Tanjima Chowdhury, a registered nurse from Chittagong, Bangladesh, joined MSF in November 2017. She works at MSF’s Unchiprang Primary Health Centre in Unchiprang settlement. Around 22,000 people live in this camp, crowded together in small shelters made of bamboo frames covered with plastic sheeting.
The first thing Tanjima Chowdhury does when she arrives at the health centre in the morning is to finalise the nurse assignments for the day.
It is her responsibility to organise and supervise 11 nurses and a team of nurse aides. Each day, she reviews the needs and available staff and decides who will be working in the different areas of the clinic: registration, triage, vaccination, observation, emergency, dressings and maternity.
Once the assignment list is complete, she shares it with all staff.
At 8am the team gathers for the morning meeting.
“We share many things, like how many patients we saw the last week or if yesterday something happened. If they have any complications, the doctors and nurses share these,” Tanjima said.
After the morning meeting, Tanjima walks through the clinic to check that all staff are at their posts, as patients begin to arrive.
Unchiprang Health Centre is a busy facility, seeing around 200 patients a day.
Part of Tanjima’s responsibility is to monitor patient flow – how many patients are arriving, increases or decreases in patient numbers, and how the patients are moving through the clinic.
She also visits the crowded waiting area regularly to monitor the patients and support the staff.
“Sometimes a patient, for example, a patient with high fever, finds it difficult to wait. If they are getting worse or can’t sit, we send them directly to the observation room, if a bed is available, so that we can provide them with a comfortable position. Then we can call a doctor if he is available.”
A Rohingya refugee is transferred from the MSF primary health clinic in Unchiprang refugee camp to a Bangladeshi hospital in Cox’s Bazar. Photo:
Part of Tanjima’s work is helping the teams deal with challenges that arise during the day.
“Some patients refuse our treatment. Then the team calls me. If they need medication that they don’t have or a patient needs to be referred, we work on this together,” said Tanjima.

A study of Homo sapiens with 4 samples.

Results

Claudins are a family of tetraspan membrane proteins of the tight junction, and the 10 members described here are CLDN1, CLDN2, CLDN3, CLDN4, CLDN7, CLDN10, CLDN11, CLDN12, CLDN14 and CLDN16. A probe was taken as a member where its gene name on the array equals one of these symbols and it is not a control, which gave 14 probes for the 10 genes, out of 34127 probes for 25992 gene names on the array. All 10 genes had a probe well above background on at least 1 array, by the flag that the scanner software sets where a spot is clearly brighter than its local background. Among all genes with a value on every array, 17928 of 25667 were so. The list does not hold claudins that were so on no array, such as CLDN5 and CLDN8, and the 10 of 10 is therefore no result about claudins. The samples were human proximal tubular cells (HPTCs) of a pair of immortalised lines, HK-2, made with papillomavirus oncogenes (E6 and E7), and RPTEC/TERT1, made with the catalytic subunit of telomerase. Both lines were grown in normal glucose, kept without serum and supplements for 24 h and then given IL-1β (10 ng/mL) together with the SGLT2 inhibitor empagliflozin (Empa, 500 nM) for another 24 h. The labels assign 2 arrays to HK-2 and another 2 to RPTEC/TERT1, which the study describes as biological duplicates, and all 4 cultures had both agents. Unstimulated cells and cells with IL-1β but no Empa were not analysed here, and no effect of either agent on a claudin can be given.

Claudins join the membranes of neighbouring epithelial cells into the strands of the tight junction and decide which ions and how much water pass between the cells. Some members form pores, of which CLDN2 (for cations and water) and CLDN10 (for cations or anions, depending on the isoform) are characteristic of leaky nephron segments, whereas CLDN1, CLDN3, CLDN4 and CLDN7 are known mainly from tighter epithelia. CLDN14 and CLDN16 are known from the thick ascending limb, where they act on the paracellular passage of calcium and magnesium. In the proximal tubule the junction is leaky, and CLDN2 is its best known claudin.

“Sometimes children come without their parents. This is really difficult for us,” she added.
“Sometimes the mother is really sick, like a pregnant mother, she can’t come, at that time... and the father is not alive or is not available. Then they come with their older brother or sister, and this older brother or sister is also below sixteen years of age.
This is also a child, so how can we allow a 12 years old sister to act as a guardian?”
When this happens, Tanjima works closely with the health promotion (HP) supervisor and the team of Rohingya HP volunteers, who will go with the children to their home to explain the diagnosis and treatment to their parents.
Tanjima is also responsible for the distribution and management of medication, for monitoring consumption, and for checking which medications are expiring and what is still in stock.
“This is a big responsibility,” she said, “because we have to provide medication to the patients in the accurate time.”
Tanjima first heard about MSF while she was still at nursing college. “Now I can see here how MSF is working as independent and with neutrality and impartiality and I’m really proud,” she said,
“When my friends or other people ask me where I work, I answer them very proudly: I’m working with refugees in the refugee camp. I’m giving service, I’m providing them with healthcare by my self and by my hands. And I’m learning daily and it feels good.”
Read more about MSF's work in Bangladesh.